In his “Why Urbanism?” post, Ben cited research showing cities cause people to voluntarily have fewer children. From a planetary carrying capacity perspective, that may be a good thing. As Ben put it, “the more dense a city center is allowed to become, the lower each person’s emissions become.” But greater density also begets greater social equity. More housing is essential to make it affordable for everybody to live in the city, whether you have children or not.
Still, I can’t help but imagine how the finding of a “contraceptive effect” in cities must sound to someone already concerned that new development is making it hard enough for families with children to live in the city limits. As we’ve seen at recent public meetings, even modest density increases in urban villages near transit are highly contentious. Opponents mobilize against what they see as a threat to the single-family zoning that makes up the majority of Seattle’s land use by area.
Change always evokes resistance. When it comes to housing and transit, I find much of it shortsighted, narrow-minded, and exclusionary. We will never achieve any semblance of affordability or adapt to a changing climate if preserving neighborhood aesthetics is our highest priority. But making higher density work well for families and children is an underexplored concern. Urbanists would do well to consider it more thoughtfully. It’s easy to say plenty of families live in New York, London, and Tokyo. Sure they do. But plenty will continue to want backyards and streets quiet enough for their kids to play, too. Unfortunately, density has come to sound incompatible with those desires.
But it isn’t. Or at least it doesn’t have to be. Dense neighborhoods, if well designed, can be great places for children to grow up. These neighborhoods will benefit from a variety of housing types, and lots of it. They can have beautifully landscaped, pedestrian-friendly streets. They need not be congested with cars if we use parking maximums instead of minimums, build quality bike infrastructure, and have frequent transit nearby. Traffic calming and neighborhood greenways keep vehicle speeds low and connect your family to the places you want to go. Design standards, such as the recently adopted Seattle Design Guidelines update, can ensure that human-scale buildings activate the street, creating the sort of residential neighborhood that outspoken opponents to things like new height limits are really yearning for.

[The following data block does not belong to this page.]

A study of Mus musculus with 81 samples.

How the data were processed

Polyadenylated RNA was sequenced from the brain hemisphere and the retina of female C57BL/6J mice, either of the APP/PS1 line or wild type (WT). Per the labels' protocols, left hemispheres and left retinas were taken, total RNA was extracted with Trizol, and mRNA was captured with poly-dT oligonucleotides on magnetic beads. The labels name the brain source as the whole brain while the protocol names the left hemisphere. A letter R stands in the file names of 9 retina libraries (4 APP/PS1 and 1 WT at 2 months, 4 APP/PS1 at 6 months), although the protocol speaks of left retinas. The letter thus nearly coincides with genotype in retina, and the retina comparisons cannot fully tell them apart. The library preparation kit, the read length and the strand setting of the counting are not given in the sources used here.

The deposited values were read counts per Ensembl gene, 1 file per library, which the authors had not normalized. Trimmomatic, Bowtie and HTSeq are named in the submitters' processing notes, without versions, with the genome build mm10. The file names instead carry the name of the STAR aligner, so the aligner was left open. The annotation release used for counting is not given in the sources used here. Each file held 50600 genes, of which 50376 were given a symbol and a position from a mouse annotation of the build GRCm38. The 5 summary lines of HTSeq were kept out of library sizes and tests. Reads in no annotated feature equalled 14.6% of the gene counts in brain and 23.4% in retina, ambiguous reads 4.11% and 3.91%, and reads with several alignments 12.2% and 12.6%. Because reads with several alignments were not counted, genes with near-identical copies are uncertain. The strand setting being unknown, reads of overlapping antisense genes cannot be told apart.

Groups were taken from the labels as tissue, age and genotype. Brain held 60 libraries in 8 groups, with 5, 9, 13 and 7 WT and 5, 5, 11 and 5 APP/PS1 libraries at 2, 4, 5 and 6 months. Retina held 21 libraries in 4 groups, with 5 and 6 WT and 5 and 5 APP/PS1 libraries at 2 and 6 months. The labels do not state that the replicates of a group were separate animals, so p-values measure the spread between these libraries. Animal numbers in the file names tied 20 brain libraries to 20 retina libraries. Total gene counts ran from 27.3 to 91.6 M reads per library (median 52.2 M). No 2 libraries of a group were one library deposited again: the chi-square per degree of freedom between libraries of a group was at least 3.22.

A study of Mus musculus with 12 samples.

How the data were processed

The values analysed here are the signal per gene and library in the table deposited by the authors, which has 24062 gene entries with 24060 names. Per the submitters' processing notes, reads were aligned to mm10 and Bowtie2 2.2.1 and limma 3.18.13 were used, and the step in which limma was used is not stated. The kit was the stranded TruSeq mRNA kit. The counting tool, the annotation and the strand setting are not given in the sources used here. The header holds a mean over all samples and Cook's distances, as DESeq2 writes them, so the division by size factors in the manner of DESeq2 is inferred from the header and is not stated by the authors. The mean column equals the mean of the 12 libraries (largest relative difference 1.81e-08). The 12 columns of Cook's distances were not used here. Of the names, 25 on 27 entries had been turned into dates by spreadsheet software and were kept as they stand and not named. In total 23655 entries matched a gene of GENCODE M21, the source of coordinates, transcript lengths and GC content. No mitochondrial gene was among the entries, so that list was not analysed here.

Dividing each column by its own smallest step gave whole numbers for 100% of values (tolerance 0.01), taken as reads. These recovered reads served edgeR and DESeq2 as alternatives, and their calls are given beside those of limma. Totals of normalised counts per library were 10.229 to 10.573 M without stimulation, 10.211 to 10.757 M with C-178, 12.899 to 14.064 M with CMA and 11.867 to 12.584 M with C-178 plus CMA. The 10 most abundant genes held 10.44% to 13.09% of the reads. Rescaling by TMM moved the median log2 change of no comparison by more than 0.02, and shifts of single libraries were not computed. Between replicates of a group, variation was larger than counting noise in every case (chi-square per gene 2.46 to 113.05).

The Seattle Planning Commission recently released a white paper devoted to family-sized housing. Though its primary focus is affordability, it’s also full of ways to make density fit the needs of families with kids. For example, even in low-density areas, housing types like duplexes, tandem houses, or backyard cottages are excellent for families, grow our housing stock, but look appropriate in single-family neighborhoods. Currently, very little total land is available for multifamily housing, so the Commission suggests upzoning single-family and lowrise zones specifically for family-suitable housing like row- and townhouses. A new family-friendly zoning classification could allow greater building height in exchange for a certain number of 2- and 3-bedroom units, especially near schools, transit, and parks and along calmer residential streets.
It’s not just about housing typology, though, or the number of bedrooms. Some of the most oft-cited objections to density center on busy streets, noise, and aesthetics. We need creative ways to make greater density feel child-scale. In that vein, the Commission applauds the Residential Corridor zoning along 8th Avenue in South Lake Union, where wide sidewalks and ground-floor housing have created a quiet, pedestrian-oriented area within one of Seattle’s densest and most urban neighborhoods.
The paper also notes that families with two or more children and single-parent families are disproportionately likely to be severely rent burdened. Priority for families with children in affordable housing programs, cohousing models and homeownership assistance, and better coordination with the Seattle School District are some of the policy-level strategies to address that. Ultimately, the strongest argument for supporting housing for families with children—like the case for density—is equity. Concern about the effect of new development on families with children isn’t unwarranted. But, if you believe in a just sustainability, opposition to density is.